The shipping company DHL is the first customer for Eviation's electric cargo planes

·2 min read

Logistics provider DHL Express is adding electric cargo planes to its fleet, becoming the first customer for Eviation, a Seattle-based electric aviation company.

Why it matters: As delivery on demand explodes, shipping and logistics providers like DHL are under pressure to make every mode of their operations more sustainable — aircraft, trucks, last-mile delivery vans, and even their buildings.


Driving the news: DHL said today it has ordered 12 fully electric Alice cargo planes from Eviation, and expects to take delivery in 2024.

Details: Alice, which can be configured for cargo or passengers, requires 30 minutes or less to charge per flight hour and has a maximum range of about 500 miles.

  • It can be flown by a single pilot and carry up to 2,600 pounds, and can operate in environments where piston and turbine planes are currently used.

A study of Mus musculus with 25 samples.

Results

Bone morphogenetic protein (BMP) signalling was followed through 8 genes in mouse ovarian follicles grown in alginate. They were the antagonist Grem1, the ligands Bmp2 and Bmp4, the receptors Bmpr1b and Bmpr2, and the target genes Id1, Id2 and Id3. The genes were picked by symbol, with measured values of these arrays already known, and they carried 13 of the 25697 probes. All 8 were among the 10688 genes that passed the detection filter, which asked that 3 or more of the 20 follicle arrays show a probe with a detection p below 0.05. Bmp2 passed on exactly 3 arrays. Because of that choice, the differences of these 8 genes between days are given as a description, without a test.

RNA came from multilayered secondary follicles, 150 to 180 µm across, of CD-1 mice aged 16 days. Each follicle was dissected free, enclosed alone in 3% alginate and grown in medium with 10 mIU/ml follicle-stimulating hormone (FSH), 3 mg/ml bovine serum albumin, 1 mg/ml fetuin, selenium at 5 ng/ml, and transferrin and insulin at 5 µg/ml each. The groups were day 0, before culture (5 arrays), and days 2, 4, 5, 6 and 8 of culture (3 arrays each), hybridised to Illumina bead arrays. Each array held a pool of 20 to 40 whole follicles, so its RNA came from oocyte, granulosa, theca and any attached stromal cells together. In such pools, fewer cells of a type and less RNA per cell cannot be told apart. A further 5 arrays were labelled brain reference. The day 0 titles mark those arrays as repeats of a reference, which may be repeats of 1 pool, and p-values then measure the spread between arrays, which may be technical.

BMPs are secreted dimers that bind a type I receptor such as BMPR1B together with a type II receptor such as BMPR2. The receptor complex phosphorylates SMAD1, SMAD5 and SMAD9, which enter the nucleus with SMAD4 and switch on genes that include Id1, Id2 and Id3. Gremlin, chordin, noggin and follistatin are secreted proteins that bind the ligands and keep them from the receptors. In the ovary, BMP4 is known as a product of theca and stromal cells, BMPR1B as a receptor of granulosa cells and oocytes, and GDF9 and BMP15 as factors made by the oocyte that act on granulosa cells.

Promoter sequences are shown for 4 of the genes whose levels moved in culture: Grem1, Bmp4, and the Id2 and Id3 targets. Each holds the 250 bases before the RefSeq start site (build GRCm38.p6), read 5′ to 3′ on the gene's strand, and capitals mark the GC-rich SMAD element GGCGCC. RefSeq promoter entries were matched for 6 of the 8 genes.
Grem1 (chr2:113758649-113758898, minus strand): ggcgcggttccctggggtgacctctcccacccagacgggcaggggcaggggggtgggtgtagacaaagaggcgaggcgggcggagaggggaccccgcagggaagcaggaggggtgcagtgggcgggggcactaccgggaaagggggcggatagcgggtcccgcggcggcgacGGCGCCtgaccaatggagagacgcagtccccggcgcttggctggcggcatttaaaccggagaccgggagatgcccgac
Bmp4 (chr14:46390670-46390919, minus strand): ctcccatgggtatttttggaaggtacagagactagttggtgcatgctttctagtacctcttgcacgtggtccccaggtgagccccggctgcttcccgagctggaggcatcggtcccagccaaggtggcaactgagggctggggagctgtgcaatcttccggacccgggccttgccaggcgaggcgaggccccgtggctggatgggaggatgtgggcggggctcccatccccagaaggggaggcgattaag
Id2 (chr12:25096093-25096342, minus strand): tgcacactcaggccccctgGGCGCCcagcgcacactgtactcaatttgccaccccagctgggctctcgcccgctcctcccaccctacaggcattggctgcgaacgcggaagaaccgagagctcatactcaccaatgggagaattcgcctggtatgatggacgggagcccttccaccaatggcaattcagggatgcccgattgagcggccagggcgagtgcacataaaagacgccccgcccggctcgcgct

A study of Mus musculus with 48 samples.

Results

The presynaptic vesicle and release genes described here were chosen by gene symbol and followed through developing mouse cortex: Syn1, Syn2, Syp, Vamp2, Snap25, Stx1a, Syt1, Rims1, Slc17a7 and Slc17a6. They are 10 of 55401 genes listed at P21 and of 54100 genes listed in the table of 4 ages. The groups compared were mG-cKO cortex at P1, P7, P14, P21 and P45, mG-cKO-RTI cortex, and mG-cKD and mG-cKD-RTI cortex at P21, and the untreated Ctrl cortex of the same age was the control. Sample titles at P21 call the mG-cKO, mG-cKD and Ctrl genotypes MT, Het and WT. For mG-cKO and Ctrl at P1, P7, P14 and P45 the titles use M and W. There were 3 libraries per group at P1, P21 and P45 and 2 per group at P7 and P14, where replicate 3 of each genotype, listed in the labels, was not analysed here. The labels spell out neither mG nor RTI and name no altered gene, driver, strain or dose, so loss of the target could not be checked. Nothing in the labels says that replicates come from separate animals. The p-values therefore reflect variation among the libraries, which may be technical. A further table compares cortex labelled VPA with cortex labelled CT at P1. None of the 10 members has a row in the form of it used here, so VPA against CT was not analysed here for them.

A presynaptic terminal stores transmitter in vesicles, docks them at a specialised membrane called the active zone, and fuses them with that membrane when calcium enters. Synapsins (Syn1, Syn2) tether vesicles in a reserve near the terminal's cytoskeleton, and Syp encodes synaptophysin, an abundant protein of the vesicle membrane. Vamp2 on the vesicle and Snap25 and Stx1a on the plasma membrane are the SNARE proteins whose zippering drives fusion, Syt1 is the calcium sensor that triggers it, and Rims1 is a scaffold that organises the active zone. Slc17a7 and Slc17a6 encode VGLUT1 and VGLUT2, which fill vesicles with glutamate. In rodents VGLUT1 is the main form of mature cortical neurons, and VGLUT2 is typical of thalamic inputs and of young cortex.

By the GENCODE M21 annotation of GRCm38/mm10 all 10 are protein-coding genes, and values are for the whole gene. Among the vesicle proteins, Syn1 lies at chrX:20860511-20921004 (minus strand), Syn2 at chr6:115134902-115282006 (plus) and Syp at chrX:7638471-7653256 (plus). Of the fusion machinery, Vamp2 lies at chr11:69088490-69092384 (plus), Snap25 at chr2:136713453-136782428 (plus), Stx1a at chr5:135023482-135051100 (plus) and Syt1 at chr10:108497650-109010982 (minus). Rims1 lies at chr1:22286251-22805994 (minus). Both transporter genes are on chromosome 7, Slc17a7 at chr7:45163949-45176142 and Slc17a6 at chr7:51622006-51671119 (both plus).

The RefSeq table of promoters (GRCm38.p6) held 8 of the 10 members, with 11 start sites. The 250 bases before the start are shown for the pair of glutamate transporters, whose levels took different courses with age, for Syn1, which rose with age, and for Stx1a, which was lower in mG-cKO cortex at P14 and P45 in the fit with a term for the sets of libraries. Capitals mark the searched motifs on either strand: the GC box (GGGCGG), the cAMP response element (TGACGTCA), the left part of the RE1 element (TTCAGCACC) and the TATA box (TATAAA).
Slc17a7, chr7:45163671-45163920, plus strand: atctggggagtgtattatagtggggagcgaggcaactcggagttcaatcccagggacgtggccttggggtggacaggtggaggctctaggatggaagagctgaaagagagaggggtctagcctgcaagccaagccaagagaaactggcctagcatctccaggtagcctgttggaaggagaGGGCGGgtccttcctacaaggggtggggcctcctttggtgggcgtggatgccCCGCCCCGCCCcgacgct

• As with electric automobiles, fewer moving parts means reduced maintenance costs and increased reliability, according to Eviation.

  • Its operating software constantly monitors flight performance to ensure optimal efficiency. A first flight is scheduled for later this year.

What they're saying: “From day one, we set an audacious goal to transform the aviation industry and create a new era with electric aircraft,” says Eviation CEO Omer Bar-Yohay.

  • “Partnering with companies like DHL who are the leaders in sustainable cargo transportation is a testament that the electric era is upon us. This announcement is a significant milestone on our quest to transform the future of flight across the globe.”

What to watch: DHL plans to build several zero emission Alice feeder networks in the U.S., targeting the West Coast and Southeast U.S.